WASHINGTON (AP) — Republican presidential candidate Rand Paul called Thursday for a "fair and flat tax" that would "blow up" the nation's tax code, offering a proposal his campaign said would cut taxes by $2 trillion over the next decade.
The first-term senator from Kentucky released the outline of a plan to institute a 14.5 percent income tax rate on all individuals, as well as a tax of the same rate on all business revenue. It was among the first major policy proposals released by Paul's presidential campaign, although he did not make the full plan available for review.
"Basically my conclusion is the tax code can't be fixed and should be scrapped," he said in an interview with The Associated Press. "We should start over."
Many of the dozen major Republican candidates for president list tax reform among their priorities. Texas Sen. Ted Cruz, for example, is among the GOP contenders calling for the wholesale abolition of the Internal Revenue Service — a position many experts say is unrealistic.
But few have offered detailed proposals, and while Paul said his plan would benefit American both rich and poor, he cited an independent analysis that his campaign did not make available to reporters.
In a column describing highlights of his plan published Thursday in The Wall Street Journal, Paul called for the outright elimination of payroll taxes on workers and of several other federal taxes, including those on gifts and estates, telephone service and all duties and tariffs. He also proposed eliminating all corporate tax subsidies and personal tax deductions, except those for mortgage interest and charitable donations.
Paul says the first $50,000 of income for a family of four would not be taxed and the earned-income tax credit would be preserved.
The plan would also replace the corporate tax with a 14.5 percent tax on businesses' capital income — including profits, rents, and royalties — and labor expenses such as wages and salaries, according to an analysis by the conservative Tax Foundation. Nonprofits and governments would also pay a 14.5 percent tax on wages for their employees.
While his campaign disputes the value-added tax label, the proposed changes would essentially cycle through the economy as a sales tax on businesses. For example, an auto dealer would pay a tax on its profits from selling a car, as would the automaker that provided the vehicle to the dealer, the parts makers on their profits from selling to the carmaker, and the steel mill that sold metal to the parts makers.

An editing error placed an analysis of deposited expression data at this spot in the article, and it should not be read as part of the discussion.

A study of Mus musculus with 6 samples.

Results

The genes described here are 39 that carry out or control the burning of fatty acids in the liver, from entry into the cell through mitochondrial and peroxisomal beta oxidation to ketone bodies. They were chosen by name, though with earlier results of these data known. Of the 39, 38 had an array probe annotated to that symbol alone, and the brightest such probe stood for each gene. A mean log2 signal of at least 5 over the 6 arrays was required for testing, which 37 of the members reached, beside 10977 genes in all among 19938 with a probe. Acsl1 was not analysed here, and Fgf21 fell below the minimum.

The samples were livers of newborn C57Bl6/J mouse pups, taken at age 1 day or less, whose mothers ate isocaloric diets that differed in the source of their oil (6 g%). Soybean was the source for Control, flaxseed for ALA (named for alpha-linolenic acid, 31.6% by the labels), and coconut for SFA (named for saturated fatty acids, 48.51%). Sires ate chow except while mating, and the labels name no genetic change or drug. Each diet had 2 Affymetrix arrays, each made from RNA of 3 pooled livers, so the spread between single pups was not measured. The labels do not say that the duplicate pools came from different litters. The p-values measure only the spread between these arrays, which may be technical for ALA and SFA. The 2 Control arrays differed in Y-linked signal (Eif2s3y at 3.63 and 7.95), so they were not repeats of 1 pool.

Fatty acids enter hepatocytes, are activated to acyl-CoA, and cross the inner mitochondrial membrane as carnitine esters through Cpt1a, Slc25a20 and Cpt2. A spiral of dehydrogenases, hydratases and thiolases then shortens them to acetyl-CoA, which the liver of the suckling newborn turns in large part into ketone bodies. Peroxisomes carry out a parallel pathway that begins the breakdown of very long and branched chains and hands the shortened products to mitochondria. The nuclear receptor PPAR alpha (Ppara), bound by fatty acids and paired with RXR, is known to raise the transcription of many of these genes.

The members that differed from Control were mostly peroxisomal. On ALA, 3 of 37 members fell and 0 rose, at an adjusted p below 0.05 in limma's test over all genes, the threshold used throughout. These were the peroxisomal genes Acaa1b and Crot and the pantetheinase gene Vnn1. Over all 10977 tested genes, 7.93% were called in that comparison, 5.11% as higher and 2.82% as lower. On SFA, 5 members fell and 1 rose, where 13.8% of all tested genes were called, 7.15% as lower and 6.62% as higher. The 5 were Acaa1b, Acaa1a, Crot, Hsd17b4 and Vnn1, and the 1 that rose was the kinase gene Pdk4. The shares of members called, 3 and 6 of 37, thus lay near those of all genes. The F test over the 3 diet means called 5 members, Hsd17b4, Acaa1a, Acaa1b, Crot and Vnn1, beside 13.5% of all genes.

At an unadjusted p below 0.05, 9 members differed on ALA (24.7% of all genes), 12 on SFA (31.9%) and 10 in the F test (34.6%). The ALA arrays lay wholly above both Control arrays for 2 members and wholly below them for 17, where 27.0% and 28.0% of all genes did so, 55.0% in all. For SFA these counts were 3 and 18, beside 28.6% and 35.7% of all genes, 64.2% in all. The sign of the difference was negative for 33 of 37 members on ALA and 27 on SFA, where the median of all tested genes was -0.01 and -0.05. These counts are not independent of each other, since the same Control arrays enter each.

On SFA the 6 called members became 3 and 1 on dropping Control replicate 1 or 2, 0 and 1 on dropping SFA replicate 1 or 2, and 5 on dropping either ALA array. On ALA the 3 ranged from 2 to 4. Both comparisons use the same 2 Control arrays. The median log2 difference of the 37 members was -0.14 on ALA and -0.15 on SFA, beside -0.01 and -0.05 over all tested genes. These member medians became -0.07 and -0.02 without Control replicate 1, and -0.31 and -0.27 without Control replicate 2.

"In Washington, most Republicans are very tepid and very uninspiring on tax policy," Paul said in the interview.
It was not clear how Paul would ensure cutting taxes so deeply would not at the same time explode the nation's debt. He wrote in the column that his plan would "reduce the national debt by trillions of dollars over time when combined with my package of spending cuts," but he did not detail those cuts.
In the interview, Paul referred to his previous budget proposals, which include sweeping cuts in foreign and domestic spending. In particular, he has previously called to eliminate all aid to foreign governments, including Israel. He has also proposed eliminating the federal departments of education, energy and housing and urban affairs.
He noted, however, he's also called for increased national security spending in his most recent spending plans. "I think that the priority for spending is national defense and national security so we don't have significant cuts in our preparedness," he said.
Florida Sen. Marco Rubio stands out among his Republican colleagues for offering the most detailed economic agenda of the GOP candidates for president, anchored by a massive tax cut that the conservative Tax Foundation said could add as much as $4 trillion to the nation's debt in its first decade.
That approach keeps with conservative economic thinking that the best way to spark growth and increase wages is to reduce the tax burden on businesses, the wealthy and investors. Rubio would also eliminate all taxes on investment income, a change that largely favors the most wealthy Americans.
Like Paul's emphasis on tax cuts, however, it is an approach that exposed Republicans to Democratic criticism that they favor the rich.
While Paul offers just one tax rate, Rubio's plan would set two: 15 percent for those making less than $75,000 (or families earning under $150,000), and 35 percent for all making more.
"Our outdated policies from yesterday are not going to fix this," Rubio said Thursday while calling for new tax policies in a speech to religious conservatives.
"The more your employer pays you, the less they will owe in taxes to the IRS," he said of his plan. "We will help working families by helping them to keep more of what they earn."
Cruz, meanwhile, has repeatedly promised to scrap the tax-collecting agency as he runs for the GOP presidential nomination.
He did not address taxes while speaking to evangelical Christians on Thursday, but Cruz advisers said the senator would soon release more details on his proposal, which he has said would allow most Americans to file their taxes on the back of a postcard-size form.
Associated Press writer Josh Boak contributed to this report.